Why "Cure" Talk is Harmful


Creating a neuro-affirming culture is crucial in classrooms and among teachers to celebrate and accommodate neurodivergent individuals.

Unfortunately, many neurodivergent individuals, including those with ADHD, autism, dyslexia, and others, face "cure" talk, where their neurodivergent traits and behaviors are seen as a problem that needs to be fixed or cured.

This kind of thinking is not only harmful but can also be downright dangerous.


Neuro-affirming culture is an important concept that refers to creating a society that values and supports neurological diversity, rather than trying to force everyone into a narrow definition of "normal."

This is particularly important when it comes to neurodivergent conditions like ADHD, autism, and dyslexia, which are often stigmatized and misunderstood.


The current scientific understanding of these conditions emphasizes the role of neurodiverse physiology, with differences in neurotransmitter levels and processing, as well as other elements of brain function that differ observably from those of a so-called neurotypical brain. These differences can result in unique perspectives, skills, and ways of processing information.


It is essential to understand that neurodiverse conditions are as heritable as height and occur across cultures.

Different cultures may take different moral or social stances on many of the behaviors associated with neurodiversity, and might not all be as punitive or shaming as the dominant culture in the U.S.

However, even in cultures where these conditions are not stigmatized, a neuro-affirming culture remains a vital aspect of creating an inclusive society.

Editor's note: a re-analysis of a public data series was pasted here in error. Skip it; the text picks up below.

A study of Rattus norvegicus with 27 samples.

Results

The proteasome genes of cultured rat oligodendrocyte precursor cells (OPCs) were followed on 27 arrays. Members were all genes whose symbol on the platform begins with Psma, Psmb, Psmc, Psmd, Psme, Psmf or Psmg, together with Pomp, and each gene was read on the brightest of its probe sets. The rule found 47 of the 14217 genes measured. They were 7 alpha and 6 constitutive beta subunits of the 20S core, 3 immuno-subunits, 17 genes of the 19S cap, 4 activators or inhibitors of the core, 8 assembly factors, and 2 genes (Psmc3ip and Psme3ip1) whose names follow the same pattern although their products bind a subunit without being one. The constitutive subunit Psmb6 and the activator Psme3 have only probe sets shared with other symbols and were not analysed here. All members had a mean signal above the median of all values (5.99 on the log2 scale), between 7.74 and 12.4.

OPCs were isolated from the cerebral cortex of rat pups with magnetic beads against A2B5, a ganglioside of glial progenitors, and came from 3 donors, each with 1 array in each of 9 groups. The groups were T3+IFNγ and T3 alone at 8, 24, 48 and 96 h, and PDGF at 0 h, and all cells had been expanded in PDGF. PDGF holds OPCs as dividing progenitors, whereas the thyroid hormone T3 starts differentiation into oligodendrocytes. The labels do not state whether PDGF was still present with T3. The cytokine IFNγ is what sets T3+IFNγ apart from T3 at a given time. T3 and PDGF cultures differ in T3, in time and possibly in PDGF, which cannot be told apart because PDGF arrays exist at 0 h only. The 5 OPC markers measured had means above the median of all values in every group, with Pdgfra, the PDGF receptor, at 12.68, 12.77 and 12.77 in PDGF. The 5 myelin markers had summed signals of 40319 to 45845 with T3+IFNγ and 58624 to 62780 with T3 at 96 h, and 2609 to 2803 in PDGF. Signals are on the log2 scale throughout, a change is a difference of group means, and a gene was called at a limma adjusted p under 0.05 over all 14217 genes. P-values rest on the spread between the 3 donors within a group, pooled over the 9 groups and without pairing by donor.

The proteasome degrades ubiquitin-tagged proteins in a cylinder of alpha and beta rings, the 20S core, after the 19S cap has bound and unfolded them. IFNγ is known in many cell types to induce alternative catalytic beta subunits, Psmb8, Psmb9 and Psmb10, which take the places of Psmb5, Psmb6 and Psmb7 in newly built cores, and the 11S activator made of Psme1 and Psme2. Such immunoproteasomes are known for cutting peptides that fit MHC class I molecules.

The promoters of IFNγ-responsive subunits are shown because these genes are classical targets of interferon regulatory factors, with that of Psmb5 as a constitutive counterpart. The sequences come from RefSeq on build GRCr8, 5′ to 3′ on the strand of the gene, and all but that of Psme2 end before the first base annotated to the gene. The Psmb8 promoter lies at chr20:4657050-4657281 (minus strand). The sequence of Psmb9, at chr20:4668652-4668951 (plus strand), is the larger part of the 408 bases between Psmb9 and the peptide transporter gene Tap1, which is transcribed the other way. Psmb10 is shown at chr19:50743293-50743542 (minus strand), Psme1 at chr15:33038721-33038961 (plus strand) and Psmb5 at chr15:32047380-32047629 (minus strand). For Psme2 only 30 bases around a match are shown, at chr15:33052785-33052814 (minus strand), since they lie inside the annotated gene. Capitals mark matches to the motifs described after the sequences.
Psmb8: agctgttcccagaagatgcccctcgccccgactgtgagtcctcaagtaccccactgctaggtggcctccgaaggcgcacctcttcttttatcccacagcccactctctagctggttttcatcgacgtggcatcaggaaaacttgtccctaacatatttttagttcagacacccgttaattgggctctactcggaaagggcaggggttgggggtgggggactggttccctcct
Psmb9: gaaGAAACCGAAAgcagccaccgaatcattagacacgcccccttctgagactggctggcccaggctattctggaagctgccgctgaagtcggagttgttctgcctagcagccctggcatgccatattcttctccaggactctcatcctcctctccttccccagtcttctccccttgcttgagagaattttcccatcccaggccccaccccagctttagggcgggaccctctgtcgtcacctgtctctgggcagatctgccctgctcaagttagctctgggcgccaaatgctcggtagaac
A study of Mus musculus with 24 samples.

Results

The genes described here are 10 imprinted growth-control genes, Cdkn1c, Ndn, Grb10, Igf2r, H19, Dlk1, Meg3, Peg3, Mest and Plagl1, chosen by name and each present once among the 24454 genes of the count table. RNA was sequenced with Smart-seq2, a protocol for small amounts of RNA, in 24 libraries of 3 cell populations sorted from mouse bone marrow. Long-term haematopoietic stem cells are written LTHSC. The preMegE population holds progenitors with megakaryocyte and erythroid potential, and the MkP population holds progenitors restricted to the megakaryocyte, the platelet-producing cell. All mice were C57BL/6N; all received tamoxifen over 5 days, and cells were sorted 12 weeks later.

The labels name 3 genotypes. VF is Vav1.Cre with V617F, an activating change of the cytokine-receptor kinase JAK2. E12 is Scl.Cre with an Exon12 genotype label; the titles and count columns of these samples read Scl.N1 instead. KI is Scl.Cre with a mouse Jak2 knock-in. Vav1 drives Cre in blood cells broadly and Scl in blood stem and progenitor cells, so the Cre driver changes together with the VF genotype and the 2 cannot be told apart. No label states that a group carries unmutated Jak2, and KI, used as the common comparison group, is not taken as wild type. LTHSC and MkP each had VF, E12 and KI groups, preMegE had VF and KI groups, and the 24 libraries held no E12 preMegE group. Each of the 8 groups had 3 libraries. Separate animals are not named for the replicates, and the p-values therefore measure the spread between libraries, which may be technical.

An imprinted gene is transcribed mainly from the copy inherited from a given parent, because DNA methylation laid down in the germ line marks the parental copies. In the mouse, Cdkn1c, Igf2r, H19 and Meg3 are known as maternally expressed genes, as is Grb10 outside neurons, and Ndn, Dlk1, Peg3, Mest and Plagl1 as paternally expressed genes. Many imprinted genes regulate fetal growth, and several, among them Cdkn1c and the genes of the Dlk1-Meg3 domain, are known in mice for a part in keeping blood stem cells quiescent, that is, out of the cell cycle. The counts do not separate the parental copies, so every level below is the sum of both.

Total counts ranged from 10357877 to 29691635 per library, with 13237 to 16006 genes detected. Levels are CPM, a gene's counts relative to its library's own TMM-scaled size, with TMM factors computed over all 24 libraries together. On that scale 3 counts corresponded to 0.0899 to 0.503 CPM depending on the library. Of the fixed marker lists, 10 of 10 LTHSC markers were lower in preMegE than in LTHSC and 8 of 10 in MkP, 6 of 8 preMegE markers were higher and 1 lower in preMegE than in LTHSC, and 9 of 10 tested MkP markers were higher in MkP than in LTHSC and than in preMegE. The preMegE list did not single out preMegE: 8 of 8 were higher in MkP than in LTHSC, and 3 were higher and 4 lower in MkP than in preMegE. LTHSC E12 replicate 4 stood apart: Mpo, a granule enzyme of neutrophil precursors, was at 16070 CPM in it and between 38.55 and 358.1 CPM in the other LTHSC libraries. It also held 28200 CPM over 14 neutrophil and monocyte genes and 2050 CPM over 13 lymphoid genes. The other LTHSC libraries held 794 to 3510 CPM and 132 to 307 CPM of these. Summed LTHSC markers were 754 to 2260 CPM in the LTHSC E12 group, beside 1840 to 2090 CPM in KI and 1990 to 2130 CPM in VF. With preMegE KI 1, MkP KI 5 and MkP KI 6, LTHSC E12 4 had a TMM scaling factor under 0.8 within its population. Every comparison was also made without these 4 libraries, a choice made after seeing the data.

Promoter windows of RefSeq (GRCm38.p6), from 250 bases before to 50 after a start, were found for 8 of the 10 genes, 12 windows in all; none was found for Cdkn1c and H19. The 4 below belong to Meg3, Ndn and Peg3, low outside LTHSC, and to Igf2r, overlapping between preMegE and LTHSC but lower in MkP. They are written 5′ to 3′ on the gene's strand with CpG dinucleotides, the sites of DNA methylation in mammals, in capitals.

It is important to challenge the narrative of "cure" and "normalization" of neurodivergent individuals. Rather than viewing neurodiversity as a problem to be fixed, a neuro-affirming culture recognizes and celebrates the unique strengths and perspectives that neurodivergent individuals bring to the classroom and beyond.


"Cure" talk is harmful to neurodiverse individuals and communities.

The idea of a cure implies that there is something inherently wrong with being neurodiverse, which can lead to shame, stigma, and discrimination.

Additionally, this kind of thinking can lead to harmful practices like conversion therapy, where people are forced to suppress their natural behaviors and emotions in an attempt to conform to societal norms. It also perpetuates the myth that being neurodiverse is a problem to be solved, rather than a unique aspect of human diversity to be celebrated and accommodated.


In contrast, a neuro-affirming culture recognizes that neurodivergent individuals have unique strengths and abilities that should be celebrated and accommodated. By focusing on what neurodivergent individuals can do rather than what they can't, we can create a more inclusive and diverse society that values everyone's contributions.


Creating a neuro-affirming culture involves many different aspects, including education, employment, and healthcare. For example, educational institutions can implement accommodations that help neurodivergent students learn and participate in the classroom. Employers can create work environments that are sensory-friendly and offer flexible schedules. Healthcare providers can recognize the unique needs of neurodivergent patients and provide appropriate care that takes into account their sensory sensitivities and communication differences.



Ultimately, creating a neuro-affirming culture requires a shift in the way we think about neurodivergent individuals. Instead of seeing them as a problem to be solved, we need to recognize their value and embrace their unique strengths and abilities. This not only benefits neurodivergent individuals but benefits society as a whole by fostering a more inclusive and diverse community.